Throughout middle school and high school, if someone asked about my cultural heritage, I always said, “I’m more American than Korean.”
Korean American. That single space between Korean and American divides this compound word in half. Obviously, nationality and ethnicity aren’t as distinctly partitioned. But language is a tricky thing, and English had fooled me into thinking that I could develop only one half of my cultural identity without missing the other.
I’m a second-generation Korean American, but I grew up speaking English, and only English. I’m from a small suburban town half an hour’s drive from Seattle. In high school, I knew of maybe three or four other Korean kids, but I didn’t know them on a personal level. My Koreatown was the H Mart (the local supermarket) in Bellevue, the only place outside of our own house where I could eat jjamppong and jajangmyeon and practically the only place where we could buy them.
My brother and cousin don’t speak Korean either. On New Year’s, when our family meets up for mandu-guk, our parents would have conversations with our grandmother that we couldn’t understand. Sometimes our names came up. We accused them of gossip and laughed about it. Then we grasped for words in the common language between frustration and loneliness: two lands in which we are not outsiders.
Los Angeles is different. Los Angeles has the largest population of Korean Americans in the country, and Koreatown is the most densely populated district in Los Angeles county. In a world like this, Korean Americans are Korean American, and that single space between the two words is not a divider, but a connector. Identity is intrinsic to life and vice-versa. Language and culture bond people together in ways I didn’t understand until I came to LA, walked down a city block, and saw what I couldn’t be a part of because I had spent so much time disregarding my Korean identity.
At USC, those same bonds apply, and certainly not just to Korean Americans. Bilingual students enjoy all sorts of connections through their communities. Every time I walk to class, an unfamiliar language floats down the street and reaches me. I admire bilingualism. More than that, I admire the people who speak these languages. There’s an honest (and rightful) sense of pride that others carry for their cultural identity–for the accents, dialects, and mannerisms grown from the roots of their heritage.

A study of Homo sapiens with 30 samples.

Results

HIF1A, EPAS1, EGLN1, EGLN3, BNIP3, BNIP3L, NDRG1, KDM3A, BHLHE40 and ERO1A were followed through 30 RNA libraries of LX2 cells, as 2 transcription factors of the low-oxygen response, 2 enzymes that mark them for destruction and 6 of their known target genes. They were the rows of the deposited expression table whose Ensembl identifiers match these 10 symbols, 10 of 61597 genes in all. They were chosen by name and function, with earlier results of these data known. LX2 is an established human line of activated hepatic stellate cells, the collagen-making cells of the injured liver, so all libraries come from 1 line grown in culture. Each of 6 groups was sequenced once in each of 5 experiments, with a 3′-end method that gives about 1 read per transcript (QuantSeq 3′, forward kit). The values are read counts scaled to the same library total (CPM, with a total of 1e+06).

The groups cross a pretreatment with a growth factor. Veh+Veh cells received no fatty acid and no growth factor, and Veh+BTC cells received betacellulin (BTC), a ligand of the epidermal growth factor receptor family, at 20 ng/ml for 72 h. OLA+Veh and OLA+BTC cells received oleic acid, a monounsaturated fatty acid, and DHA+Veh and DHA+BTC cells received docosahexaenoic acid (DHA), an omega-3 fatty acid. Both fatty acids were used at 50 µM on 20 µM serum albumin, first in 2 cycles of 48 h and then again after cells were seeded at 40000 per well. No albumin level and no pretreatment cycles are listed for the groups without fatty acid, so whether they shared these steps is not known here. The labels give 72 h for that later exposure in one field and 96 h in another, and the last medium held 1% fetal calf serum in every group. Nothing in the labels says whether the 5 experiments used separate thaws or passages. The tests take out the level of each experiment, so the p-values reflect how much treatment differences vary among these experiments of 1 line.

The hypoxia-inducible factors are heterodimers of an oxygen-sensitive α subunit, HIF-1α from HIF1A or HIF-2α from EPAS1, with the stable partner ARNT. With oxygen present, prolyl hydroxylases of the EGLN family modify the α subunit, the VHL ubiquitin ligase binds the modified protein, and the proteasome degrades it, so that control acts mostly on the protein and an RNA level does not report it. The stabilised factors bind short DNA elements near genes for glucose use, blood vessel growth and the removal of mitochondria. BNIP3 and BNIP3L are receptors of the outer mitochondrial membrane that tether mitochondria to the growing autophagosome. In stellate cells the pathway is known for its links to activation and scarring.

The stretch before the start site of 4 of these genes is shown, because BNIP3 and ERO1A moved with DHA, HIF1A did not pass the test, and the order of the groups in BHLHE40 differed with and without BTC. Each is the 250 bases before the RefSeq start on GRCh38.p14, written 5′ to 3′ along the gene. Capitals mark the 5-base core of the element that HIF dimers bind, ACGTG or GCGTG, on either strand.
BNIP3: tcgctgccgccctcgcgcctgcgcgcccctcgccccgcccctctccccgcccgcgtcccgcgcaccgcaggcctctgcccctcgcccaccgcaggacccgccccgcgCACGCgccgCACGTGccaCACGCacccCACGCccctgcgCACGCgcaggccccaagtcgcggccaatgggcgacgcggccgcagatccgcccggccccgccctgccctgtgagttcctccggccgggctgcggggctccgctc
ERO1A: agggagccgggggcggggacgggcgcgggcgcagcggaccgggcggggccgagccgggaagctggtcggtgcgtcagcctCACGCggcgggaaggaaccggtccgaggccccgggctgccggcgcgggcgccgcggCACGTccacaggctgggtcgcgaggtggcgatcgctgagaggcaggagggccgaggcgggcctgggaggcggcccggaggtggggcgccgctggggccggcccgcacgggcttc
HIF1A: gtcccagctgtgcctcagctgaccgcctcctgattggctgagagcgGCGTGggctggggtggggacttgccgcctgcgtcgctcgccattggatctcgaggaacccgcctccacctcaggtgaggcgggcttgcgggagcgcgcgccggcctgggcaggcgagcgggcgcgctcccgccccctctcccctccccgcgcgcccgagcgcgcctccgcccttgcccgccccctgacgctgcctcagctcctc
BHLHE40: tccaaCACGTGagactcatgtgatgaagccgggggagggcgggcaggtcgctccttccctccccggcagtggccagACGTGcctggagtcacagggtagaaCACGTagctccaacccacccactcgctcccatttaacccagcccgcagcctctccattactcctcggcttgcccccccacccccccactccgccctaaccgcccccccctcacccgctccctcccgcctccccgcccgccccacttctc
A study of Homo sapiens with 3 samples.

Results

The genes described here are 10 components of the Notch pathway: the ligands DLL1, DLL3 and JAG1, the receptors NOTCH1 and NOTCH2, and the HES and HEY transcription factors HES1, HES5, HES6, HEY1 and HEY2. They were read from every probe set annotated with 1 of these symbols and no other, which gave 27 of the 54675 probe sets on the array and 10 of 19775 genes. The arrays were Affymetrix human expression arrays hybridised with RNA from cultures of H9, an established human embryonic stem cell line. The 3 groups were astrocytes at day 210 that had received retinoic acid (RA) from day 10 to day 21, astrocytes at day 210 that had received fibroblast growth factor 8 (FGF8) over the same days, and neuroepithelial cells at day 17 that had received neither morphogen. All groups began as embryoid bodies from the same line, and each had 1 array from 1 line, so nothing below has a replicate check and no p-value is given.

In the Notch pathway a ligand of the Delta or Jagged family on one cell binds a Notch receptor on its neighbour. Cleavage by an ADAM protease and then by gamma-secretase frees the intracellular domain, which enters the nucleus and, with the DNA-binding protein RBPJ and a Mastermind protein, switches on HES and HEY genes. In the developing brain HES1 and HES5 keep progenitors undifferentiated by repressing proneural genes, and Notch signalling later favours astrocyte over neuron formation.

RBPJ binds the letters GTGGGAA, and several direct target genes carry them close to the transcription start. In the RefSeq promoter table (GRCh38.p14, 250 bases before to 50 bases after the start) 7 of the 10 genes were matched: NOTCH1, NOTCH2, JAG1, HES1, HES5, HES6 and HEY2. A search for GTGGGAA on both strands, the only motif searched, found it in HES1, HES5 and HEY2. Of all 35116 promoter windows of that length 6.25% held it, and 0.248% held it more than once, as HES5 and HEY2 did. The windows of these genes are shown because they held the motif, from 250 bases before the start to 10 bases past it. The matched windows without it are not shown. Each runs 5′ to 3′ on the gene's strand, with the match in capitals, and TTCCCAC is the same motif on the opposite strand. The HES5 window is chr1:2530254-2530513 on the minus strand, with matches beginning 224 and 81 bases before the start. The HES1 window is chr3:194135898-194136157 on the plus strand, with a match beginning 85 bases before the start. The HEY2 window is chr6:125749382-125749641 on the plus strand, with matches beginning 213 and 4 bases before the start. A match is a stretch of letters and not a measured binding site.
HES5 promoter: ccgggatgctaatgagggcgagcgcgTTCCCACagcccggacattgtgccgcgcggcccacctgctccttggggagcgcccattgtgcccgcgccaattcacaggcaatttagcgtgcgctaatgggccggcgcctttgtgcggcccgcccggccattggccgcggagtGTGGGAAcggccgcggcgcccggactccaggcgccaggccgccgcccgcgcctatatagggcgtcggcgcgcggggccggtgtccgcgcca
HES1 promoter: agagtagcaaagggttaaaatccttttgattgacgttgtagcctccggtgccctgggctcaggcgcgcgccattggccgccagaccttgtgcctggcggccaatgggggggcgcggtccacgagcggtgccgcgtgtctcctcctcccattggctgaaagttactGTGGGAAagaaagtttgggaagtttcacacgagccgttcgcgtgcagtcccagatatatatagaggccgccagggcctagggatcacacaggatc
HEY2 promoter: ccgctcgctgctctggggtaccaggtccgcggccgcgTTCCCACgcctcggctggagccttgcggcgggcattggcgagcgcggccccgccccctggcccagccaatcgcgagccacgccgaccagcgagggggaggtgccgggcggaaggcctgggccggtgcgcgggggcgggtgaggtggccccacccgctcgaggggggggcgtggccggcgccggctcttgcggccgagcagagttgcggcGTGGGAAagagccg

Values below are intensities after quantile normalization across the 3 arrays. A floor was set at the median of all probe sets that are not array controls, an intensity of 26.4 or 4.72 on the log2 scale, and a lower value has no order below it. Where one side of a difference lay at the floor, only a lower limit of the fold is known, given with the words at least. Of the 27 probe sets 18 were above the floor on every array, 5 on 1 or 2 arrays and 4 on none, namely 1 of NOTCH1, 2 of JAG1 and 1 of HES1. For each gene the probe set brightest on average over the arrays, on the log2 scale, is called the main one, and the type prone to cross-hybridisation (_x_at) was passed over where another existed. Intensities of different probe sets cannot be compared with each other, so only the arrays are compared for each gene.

So I’ve been trying to learn Korean.
I have extended family here in Los Angeles, too. My great-aunt speaks barely any English, so we communicate through warm smiles and clutched hands and other signals. When we meet up again, I’d like to tell her that I’m happy to see her. Most importantly, I’d like to go back to my town and learn what kind of gossip my dad and aunts are still throwing around about their kids.
And despite any sense of displacement, USC is a community of its own, one that treasures the diversity of its students and thus bonds us all together. We shouldn’t worry about the opportunities we’ve missed, and we should never stop working to connect with others.
After all, everyone can plant roots here to grow from.
Featured image by JC Dela Cuesta on Unsplash
Jacqueline is an undergraduate junior with a Linguistics and East Asian Languages major, but holds an interest in cinema and journalism. She is from the suburbs near Seattle, Washington. She likes to sketch, write, listen to music, watch movies, and plans to get into improve and martial arts during her time at USC. Throughout most of high school she was a member of the Japanese Exchange Club, and is currently studying Japanese and re-learning Korean.